Syriana, an elaborate and byzantine work that is extremely intellectually rewarding yet somewhat dramatically obtuse, connects four different stories and lives, the fates of which revolve around the geopolitics of the Middle East.George Clooney is the harried CIA operative whose experience in Beirut in the 80's makes him a perfect middle-man for various US-controlled manipulations in the region; Matt Damon plays a financial analyst who has been living a life of luxury and ease in Switzerland and now falls for the beckoning call of oil barons, at costs both professional and personal; Jeffrey Wright is the lawyer investigating the merger of two oil firms whose collective economic power will rival that of most Western European countries and Mazhar Munir is the young oil-field worker who is lured to the call of fundamentalist Islam, not so much for its philosophical or theological depth, nor even for its promise of paradise, but rather as the only viable alternative to a life of opression, poverty and servitude.
The film is remarkably intelligent and labyrinthine, especially for a Hollywood films with such a name cast. Based on the non-fiction work “See No Evil” by CIA operative Rober Baer the film raises a host of cultural and moral questions and concerns that have come to define our post 9/11 world. It is to director/screenwriter's Stephen Gaghan's credit that he never pretends to know any of the answers. His service as an artist is rather to sharpen our thinking and our critique of US government and corporate involvement in the region and to what extent neo-liberal capitalism thrives on exacerbating the opressive regime of figures who are willing to go along with the Washington Consensus.
Even though the film is incisive, intelligent and technically masterful it often flounders in its thematic and dramatic content, especially in the first hour or so. Gaghan's direction and storytelling are so schematic and overly blueprinted that his characters often seem at the service of the larger point being illustrated. This is not to say that there is not emotional depth and complexity to these characters, simply that these elements lie almost solely in the hands of the masterful actors who bring them to life rather than the screenplay or direction. This is especially true of George Clooney whose performance is astoundingly nuanced, even when weighed alongside the work of such masters as Christopher Plummer and Chris Cooper. The reason for the film's emotional and dramatic detachment seems primarily to be the overly self-serious tone that Gaghan establishes early on. The film obviously does not call for levity but perhaps a more sensitive approach to the human dimension of this tragedy would have allowed Gaghan to get past the sense that the world these people inhabit is nothing but the combination of psychological, political and cultural nihilism (such a world only exists in certain Hollywood films and a 17-year old's reading of French existentialism). Watching the film I found myself wishing for the kind of layers and depth that made Gaghan's script for Soderbergh's Traffic such a masterpiece, such as the relationship between Don Cheadle and Luis Guzman or the strange quirks and mannerisms of Benicio Del Toro's suffering Mexican policeman. Life is more complex than political machinations that can be mapped out in a Washington Post article and hitting some of those more subtle notes would have made Syriana a stronger work.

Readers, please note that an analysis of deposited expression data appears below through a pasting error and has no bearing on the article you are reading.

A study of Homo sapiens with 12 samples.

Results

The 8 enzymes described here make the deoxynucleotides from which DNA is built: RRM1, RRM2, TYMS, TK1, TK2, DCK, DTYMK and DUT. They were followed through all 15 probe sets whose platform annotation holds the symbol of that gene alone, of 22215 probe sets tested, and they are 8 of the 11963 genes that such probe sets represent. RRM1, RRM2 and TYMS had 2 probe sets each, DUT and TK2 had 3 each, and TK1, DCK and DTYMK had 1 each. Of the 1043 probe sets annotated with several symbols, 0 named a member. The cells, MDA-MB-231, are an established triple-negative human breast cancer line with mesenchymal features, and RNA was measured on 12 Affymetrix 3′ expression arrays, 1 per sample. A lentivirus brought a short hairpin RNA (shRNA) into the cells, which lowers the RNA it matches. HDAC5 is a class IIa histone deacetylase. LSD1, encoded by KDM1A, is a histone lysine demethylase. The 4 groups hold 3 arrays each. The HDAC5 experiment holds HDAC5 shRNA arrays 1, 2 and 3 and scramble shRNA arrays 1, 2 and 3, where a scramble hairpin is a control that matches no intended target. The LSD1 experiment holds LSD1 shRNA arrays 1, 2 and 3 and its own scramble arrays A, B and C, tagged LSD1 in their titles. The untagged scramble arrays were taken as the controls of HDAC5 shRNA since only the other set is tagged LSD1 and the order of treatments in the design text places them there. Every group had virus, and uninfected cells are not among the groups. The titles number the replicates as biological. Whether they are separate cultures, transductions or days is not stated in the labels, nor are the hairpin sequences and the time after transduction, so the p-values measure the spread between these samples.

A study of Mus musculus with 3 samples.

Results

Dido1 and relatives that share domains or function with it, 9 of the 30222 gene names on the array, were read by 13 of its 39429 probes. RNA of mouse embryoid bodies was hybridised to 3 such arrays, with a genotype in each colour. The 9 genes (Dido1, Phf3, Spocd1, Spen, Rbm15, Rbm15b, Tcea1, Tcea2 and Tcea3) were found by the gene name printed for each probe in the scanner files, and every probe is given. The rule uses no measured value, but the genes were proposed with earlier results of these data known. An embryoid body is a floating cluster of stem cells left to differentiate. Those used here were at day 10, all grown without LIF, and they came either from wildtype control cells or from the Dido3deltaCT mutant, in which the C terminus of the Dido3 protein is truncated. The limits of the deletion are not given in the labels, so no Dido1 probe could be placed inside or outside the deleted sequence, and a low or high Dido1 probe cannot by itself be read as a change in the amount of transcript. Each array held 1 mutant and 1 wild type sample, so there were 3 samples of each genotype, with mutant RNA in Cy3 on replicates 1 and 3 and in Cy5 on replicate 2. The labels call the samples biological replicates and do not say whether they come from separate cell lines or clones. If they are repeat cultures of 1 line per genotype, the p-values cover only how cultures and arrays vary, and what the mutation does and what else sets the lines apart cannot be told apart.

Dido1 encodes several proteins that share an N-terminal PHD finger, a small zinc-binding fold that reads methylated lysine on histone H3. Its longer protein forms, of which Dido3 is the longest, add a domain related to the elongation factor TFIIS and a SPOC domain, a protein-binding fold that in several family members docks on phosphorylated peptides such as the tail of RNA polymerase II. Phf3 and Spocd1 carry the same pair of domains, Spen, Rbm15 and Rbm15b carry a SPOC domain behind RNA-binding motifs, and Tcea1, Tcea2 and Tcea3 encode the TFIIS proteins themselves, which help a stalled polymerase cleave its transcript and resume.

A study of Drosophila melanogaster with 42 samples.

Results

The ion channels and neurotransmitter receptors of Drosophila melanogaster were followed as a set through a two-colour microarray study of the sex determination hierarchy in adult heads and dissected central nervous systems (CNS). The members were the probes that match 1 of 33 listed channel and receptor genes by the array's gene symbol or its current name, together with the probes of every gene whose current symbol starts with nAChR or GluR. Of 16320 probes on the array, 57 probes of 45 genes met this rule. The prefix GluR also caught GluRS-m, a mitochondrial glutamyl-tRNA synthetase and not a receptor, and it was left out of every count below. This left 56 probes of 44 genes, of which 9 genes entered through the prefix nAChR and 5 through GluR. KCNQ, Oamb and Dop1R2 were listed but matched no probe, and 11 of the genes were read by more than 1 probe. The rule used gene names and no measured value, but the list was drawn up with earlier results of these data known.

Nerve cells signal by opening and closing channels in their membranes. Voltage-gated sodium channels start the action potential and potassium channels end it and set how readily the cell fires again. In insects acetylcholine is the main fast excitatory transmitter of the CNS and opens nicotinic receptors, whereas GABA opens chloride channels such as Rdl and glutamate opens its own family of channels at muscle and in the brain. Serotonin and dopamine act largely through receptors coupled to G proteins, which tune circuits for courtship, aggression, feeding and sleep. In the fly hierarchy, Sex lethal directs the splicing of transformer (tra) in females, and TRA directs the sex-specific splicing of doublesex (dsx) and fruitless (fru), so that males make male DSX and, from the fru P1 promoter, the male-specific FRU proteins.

The film should be see and savored, though, all shortcomings aside, as a great contribution to serious discussion about America's involvement in shaping the infrastructure of the Middle-East, both for good but mostly for bad. The second half of the film is especially effective in conveying the destructive potentials of the combination of rampant capitalism and religious fundamentalism that have come to define life in most of the Middle-East. Interestingly enough, the political and cultural elements of the film are heightened as Gaghan starts relying a bit more on the conventions of the trhiller genre, especially after a gut-wrenching torture scene that had me reaching for not one but two pillows to hide behind. As the tension mounts so does the fatalism. Though we hope against hope that good and justice will prevail we know full well that they most likely will not. In its final moments Syriana pretty much sums up the despair and hopelessness of a region of the world whose citizens have been at the mercy of opressive colonialism for centuries, first that of Imperial Europe and now of the US-led capitalist coalition.